I’m a native Texan with a passion for good food and Texas history. Tex-Mex is a way of life for me, and so is baking!
Alright, y’all. After my last post about Irish Soda Bread, and it’s non-authentic-ness, (I doubt that’s a word, but roll with me), I decided I should really get into this and make the real stuff, the stuff you’d find on a family’s table in Ireland.
Luckily, I won that mahusive amount of cheese and butter from KerryGold a few months back. Included in that giveaway was The Country Cooking of Ireland by Colman Andrews. It’s a beautiful book, big enough and full of enough gorgeous photographs to grace a coffee table.
There are wonderful recipes throughout the book, and some things I will never ever make (like head cheese, which is not cheese at all *shudder*). However, you can be pretty sure that I’m going to make every single recipe in the bread and baking section of this tome.
Because I’d read the forward, I knew just how well researched this book is. Each recipe is truly authentic to Ireland. So when the recipe says that this is Irish Soda Bread (and there’s no raisins or icing in sight), I feel like I’m offering you the real thing here.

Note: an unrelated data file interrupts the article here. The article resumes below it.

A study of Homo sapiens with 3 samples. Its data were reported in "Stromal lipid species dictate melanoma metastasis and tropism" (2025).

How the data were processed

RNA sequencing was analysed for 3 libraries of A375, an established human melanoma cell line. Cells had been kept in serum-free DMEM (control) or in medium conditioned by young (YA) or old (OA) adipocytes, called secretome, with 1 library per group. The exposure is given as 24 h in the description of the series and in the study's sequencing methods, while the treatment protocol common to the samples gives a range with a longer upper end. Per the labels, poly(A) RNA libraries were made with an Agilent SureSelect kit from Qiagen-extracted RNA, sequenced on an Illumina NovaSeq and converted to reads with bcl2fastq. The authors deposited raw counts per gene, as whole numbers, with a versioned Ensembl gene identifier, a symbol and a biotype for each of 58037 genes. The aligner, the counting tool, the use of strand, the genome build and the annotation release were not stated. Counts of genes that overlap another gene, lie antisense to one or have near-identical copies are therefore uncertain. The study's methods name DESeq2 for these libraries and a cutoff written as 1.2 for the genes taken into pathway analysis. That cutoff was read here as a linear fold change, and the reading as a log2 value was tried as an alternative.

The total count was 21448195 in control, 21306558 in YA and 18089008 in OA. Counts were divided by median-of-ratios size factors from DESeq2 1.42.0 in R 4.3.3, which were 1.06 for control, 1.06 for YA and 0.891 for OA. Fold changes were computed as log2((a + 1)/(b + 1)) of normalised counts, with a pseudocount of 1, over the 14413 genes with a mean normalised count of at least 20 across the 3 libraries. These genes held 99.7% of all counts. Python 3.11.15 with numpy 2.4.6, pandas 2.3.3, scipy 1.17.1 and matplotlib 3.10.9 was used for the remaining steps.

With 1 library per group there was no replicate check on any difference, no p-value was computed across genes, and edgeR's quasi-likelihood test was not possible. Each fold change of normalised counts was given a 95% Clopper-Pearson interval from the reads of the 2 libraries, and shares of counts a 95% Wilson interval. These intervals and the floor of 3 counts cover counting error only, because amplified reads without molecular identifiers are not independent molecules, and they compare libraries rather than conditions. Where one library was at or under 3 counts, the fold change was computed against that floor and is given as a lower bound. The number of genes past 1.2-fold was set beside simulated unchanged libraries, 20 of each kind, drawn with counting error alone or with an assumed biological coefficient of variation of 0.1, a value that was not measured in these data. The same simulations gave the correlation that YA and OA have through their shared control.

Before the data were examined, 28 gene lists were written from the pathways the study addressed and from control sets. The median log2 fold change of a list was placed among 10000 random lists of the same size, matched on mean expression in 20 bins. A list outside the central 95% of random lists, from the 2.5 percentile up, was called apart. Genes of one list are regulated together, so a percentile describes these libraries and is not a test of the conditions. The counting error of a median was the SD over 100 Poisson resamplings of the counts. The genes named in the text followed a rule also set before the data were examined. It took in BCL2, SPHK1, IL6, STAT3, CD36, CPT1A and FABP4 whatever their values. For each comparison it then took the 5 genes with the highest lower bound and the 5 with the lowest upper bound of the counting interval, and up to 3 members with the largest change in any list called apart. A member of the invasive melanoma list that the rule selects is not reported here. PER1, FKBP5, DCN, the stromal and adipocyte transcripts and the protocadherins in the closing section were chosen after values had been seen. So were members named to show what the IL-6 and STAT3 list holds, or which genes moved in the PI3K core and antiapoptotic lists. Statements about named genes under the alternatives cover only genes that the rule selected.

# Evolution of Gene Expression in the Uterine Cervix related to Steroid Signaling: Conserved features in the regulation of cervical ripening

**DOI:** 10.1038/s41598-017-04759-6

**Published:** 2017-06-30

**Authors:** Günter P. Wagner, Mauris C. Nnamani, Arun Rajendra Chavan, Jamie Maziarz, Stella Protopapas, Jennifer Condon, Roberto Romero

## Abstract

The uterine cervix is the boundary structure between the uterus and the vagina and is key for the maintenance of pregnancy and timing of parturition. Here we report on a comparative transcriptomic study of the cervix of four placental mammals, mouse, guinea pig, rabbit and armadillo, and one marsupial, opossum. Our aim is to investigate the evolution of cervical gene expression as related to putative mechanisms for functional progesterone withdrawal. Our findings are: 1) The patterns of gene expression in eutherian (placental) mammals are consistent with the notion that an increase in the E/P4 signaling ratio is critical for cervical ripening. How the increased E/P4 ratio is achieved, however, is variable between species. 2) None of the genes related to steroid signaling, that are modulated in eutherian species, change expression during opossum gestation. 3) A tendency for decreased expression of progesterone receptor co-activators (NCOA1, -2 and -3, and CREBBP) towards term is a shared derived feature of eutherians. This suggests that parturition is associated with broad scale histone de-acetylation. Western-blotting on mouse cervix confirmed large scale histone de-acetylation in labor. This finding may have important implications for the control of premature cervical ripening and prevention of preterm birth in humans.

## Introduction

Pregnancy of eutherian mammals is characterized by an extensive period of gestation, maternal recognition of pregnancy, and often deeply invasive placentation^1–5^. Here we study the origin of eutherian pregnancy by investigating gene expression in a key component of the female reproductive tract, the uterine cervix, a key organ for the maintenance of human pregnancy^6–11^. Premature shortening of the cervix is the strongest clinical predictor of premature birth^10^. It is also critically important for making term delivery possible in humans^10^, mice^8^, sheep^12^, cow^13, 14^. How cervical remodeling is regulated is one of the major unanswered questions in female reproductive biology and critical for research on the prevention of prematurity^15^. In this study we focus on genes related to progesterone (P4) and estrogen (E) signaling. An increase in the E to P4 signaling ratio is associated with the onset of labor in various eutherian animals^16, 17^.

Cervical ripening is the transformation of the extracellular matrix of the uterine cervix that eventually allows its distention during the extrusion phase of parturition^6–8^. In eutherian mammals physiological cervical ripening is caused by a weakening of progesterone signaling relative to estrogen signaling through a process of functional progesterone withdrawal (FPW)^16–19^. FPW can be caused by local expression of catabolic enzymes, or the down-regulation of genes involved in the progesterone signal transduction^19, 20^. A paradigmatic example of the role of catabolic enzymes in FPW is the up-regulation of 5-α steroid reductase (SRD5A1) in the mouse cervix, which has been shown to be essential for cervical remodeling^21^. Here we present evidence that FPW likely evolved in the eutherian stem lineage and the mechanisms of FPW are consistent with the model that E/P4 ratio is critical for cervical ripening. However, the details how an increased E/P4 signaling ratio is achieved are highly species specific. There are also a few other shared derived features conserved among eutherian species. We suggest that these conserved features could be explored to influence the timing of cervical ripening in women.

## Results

The bread is good. Rustic, nutty, and perfect with Irish butter and a bowl of Guinness Stew. I can see why it’s the regular “table” bread of Ireland. It’s also incredibly easy to make.
Brown Soda Bread
Adapted from Colman Andrews’ Pint Glass Bread, makes one loaf
2 1/2 c. all purpose flour
2 1/2 c. whole wheat flour
3/4 tsp. baking soda
3/4 tsp. salt
1 tbsp butter
1 3/4 c. buttermilk + 2 tbsp if needed
Preheat the oven to 375F.
In a large bowl, combine the flours, soda, and salt. Whisk to combine and aerate. Add butter and and work through the flour until it resembles coarse bread crumbs.
Dig a well in the middle of the flour mix and pour the 1 3/4 c. into the well. Slowly work the flour into the buttermilk, turning the bowl as you do so to go around the entire edge. You want the dough to be soft, but not too sticky. If you feel it is too dry, add 1 tbsp of buttermilk at a time until you get the consistency you want.
Turn the dough onto a floured board and work it into a round disc about 2 inches thick and 6 inches in diameter. Cut a deep cross with a large knife to allow for proper ventilation and bake for 45 to 60 minutes. The finished bread should be nicely browned and sound hollow when thumped with your knuckle.